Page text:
Diana Enriquez, Department of Sociology
Freelancers walk a challenging line between being employees of their clients and running small businesses. This can make pricing challenging: clients prefer to pay for the time where the freelance is providing a specific service for them, but freelancers must also find a way to financially manage slower business seasons, when their energy must focus on marketing themselves and finding new work, rather than being paid for their primary skillsets. Diana spent the summer interviewing American freelancers in technology, design, media, marketing, and entertainment learn about the ways that freelancers set their prices and learn to negotiate their contracts. She learned about what kinds of social networks are important for survival as a small business and how freelancers gather information about the market and their clients to help them through their negotiations.
Susanne Schwarz, Department of Politics
In modern democracies, the provision of social welfare is one of the main functions that the state takes on. Yet, both the scope and nature of welfare state policies vary considerably across place and time. Susanne’s project asks how ideational discourse has shaped welfare policy regimes over time, with a particular focus on the United States. Ideas can play an important role in policy development: they can alter how we perceive the nature of the social problem at hand and affect the solutions we propose to solve it. What is more, ideational frameworks can help explain why some welfare policies remain relatively unchallenged — and unchanged — over time while others are highly contested and eventually abandoned. And ideational discourse can shed light on the emergence (or the lack thereof) of social and political mobilization to change welfare policy-related legislation. Using a mix of archival work, interviews with welfare recipients, and survey research, Susanne seeks to understand what ideas underpin various welfare policy regimes in the U.S. (e.g. old-age assistance, poverty relief, affordable housing policy), and how these ideas have influenced the political development of these policy regimes.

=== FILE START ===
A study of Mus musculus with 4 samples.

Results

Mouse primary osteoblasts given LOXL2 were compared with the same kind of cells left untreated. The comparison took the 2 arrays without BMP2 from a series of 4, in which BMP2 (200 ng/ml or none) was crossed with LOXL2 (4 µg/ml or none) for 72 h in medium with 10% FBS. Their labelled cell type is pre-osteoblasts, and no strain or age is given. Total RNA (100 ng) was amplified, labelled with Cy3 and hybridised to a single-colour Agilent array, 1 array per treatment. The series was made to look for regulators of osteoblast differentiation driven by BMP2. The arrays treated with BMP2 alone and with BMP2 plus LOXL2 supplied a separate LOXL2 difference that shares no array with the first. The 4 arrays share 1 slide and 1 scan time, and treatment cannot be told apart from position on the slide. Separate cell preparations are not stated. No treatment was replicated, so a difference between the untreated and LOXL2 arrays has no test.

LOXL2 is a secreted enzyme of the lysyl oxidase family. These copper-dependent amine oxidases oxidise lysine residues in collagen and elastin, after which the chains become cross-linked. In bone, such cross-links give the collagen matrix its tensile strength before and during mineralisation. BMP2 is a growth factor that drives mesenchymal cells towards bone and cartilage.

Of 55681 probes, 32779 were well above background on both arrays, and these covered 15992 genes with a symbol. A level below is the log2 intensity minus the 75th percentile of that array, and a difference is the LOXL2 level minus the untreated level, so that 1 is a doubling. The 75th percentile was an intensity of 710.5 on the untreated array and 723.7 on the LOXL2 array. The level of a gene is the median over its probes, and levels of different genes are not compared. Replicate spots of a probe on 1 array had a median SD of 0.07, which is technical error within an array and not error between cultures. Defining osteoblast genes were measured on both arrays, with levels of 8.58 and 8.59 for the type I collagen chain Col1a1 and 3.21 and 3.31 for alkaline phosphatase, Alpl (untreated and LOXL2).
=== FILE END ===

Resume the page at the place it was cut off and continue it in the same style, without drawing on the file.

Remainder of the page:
Shelby Sinclair, Departments of History and African American Studies
In 1831, Maria W. Stewart boldly went where no woman in recorded American history had ever gone: behind a podium. In an impassioned display of righteous discontent she spoke publicly to an audience of men and women, urging them to preserve their intellectual production and determine their historical legacy for themselves. The specter of Stewart’s exhortation to leave extant text never quite left Boston’s Black community alone. Turning our attention from New Negro internationalisms in New York City and toward the eastern seaboard, Shelby’s project asks what made Boston rife for the creation of such important Black feminist texts as The Combahee River Collective’s “A Black Feminist Statement” (1977); for the inaugural National Convention for the Colored Women’s Clubs of America (1895); and for the first public speech delivered by a Black woman (1831). Using the archives of Boston’s YWCA, NACW, and NAACP, Shelby works to craft an intellectual genealogy that takes seriously the ideas and theories that Black women discussed as students of their own social condition. By examining the fraught historiography of sexual violence as a theme in Black internationalist thought, her project attempts to uncover the ways that theory on space, place, citizenship and subjecthood is intimately linked to Black women’s bid for personhood and sexual respectability in the 19th and 20th centuries.